Manitoba

Man acquitted in 'tragic and senseless' stabbing that killed teen outside Winnipeg 7-Eleven

A man who got into a fight that left a teenager dead outside a Winnipeg 7-Eleven store in 2021 has been acquitted of second-degree murder.

Clayton Marcano was charged with 2nd-degree murder in 2021 death of Andy Joseph McKay, 17

A police cruiser near a crime scene behind a 7-Eleven store.
During closing arguments last month, court heard the altercation that led to the death of Andy Joseph McKay on July 28, 2021, began after McKay and two friends went to a Salter Street convenience store to buy drinks. (Jeff Stapleton/CBC)

WARNING: This story contains disturbing details.

A man who got into a fight that left a teenager dead outside a Winnipeg 7-Eleven store in 2021 has been acquitted of second-degree murder.

Court of King's Bench Justice Joan McKelvey said while she was satisfied Clayton Marcano's actions during the "tragic and senseless" incident led to the death of 17-year-old Andy Joseph McKay, she was convinced that Marcano, now 41, was acting in self-defence.

"His actions were carried out in order to defend himself from the use or threat of force by McKay brandishing a knife," the judge said in a written decision delivered Wednesday.

"Marcano's life was at risk, and I am satisfied he had reason to defend himself, in a manner that constituted a proportionate response to McKay's aggressive actions."

During closing arguments last month, court heard the July 28, 2021, altercation began just after 1 a.m., when McKay and two friends went to the vendor window of the Salter Street convenience store to buy drinks.

Court heard McKay and his friends struck up a conversation with Marcano, a stranger who was already waiting outside the window.

But within minutes, McKay was chasing Marcano with a knife — though nothing was said during the preceding conversation that would have caused that, defence lawyer Saul Simmonds said, citing testimony from one of McKay's friends who was there that night.

Video evidence presented during the trial showed Marcano then backing away from the group and McKay, along with the others in his group, following Marcano around the corner of the store.

Crown attorney Colin Soul said the video shows Marcano running away and McKay returning toward the store, which he said should have ended the incident.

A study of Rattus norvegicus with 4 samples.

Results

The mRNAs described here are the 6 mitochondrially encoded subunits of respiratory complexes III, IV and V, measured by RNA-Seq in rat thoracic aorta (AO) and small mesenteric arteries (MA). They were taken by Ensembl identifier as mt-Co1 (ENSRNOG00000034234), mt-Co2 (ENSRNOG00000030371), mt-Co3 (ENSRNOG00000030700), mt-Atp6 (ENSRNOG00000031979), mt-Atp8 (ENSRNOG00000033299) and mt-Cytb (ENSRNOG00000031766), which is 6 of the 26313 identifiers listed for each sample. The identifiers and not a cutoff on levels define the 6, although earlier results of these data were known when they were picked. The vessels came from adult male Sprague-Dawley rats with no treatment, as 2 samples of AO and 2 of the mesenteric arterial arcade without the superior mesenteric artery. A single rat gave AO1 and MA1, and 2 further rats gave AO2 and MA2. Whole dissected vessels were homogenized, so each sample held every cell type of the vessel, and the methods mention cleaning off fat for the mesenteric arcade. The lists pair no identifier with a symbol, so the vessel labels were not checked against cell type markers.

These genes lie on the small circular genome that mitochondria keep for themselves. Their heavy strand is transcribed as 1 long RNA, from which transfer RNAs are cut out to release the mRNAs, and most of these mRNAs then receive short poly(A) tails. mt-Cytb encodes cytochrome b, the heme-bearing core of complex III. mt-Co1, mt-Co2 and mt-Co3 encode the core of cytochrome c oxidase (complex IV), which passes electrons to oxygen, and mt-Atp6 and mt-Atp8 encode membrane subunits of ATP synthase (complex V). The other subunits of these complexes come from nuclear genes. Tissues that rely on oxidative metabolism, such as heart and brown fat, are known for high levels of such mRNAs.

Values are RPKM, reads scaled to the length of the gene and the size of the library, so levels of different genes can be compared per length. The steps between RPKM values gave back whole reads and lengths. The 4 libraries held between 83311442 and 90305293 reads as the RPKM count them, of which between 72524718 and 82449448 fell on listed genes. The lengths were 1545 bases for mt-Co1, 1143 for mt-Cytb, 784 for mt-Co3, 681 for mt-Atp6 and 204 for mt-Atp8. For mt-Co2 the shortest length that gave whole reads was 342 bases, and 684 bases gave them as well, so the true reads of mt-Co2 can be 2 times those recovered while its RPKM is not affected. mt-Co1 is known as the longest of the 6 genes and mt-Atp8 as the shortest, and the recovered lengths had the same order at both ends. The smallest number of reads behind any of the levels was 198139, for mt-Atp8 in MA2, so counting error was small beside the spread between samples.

But Soul said the video shows Marcano returning with a firearm — which court heard was actually just a pellet gun — and chasing the group with it before searching through vehicles, which the prosecutor alleged was an attempt to find McKay.

Soul said the video showed that when Marcano spotted McKay, the accused chased the group while brandishing the pellet gun, then fired three shots — one of which hit McKay's friend's shoe.

The video then shows McKay and Marcano falling to the ground together, where they struggled and rolled around for less than a minute before McKay, who had been stabbed with the knife, was left lying motionless on the ground.

Prosecutors argued Marcano escalated the situation instead of turning away when he had the chance, while defence lawyers contended he took proportionate action to save his own life.

That included choosing to pull a pellet gun out of his backpack instead of a knife he also had, which demonstrated he only intended to scare the group away, the defence argued.

Justice McKelvey said Marcano's judgment that night was questionable, especially given he was an adult dealing with a person much younger than him.

However, "when attacked unexpectedly in the dark, I am satisfied that the nature and proportionality" of his response was reasonable during an altercation "where adrenaline and fear would be flowing," she said.

She also said she concluded Marcano didn't have the state of mind at the time of incident needed to be convicted of second-degree murder — so if she made an error in acquitting him, "this matter would constitute a manslaughter and not the offence of second-degree murder."

ABOUT THE AUTHOR

Caitlyn Gowriluk has been writing for CBC Manitoba since 2019. Her work has also appeared in the Winnipeg Free Press, and in 2021 she was part of an award-winning team recognized by the Radio Television Digital News Association for its breaking news coverage of COVID-19 vaccines. Get in touch with her at caitlyn.gowriluk@cbc.ca.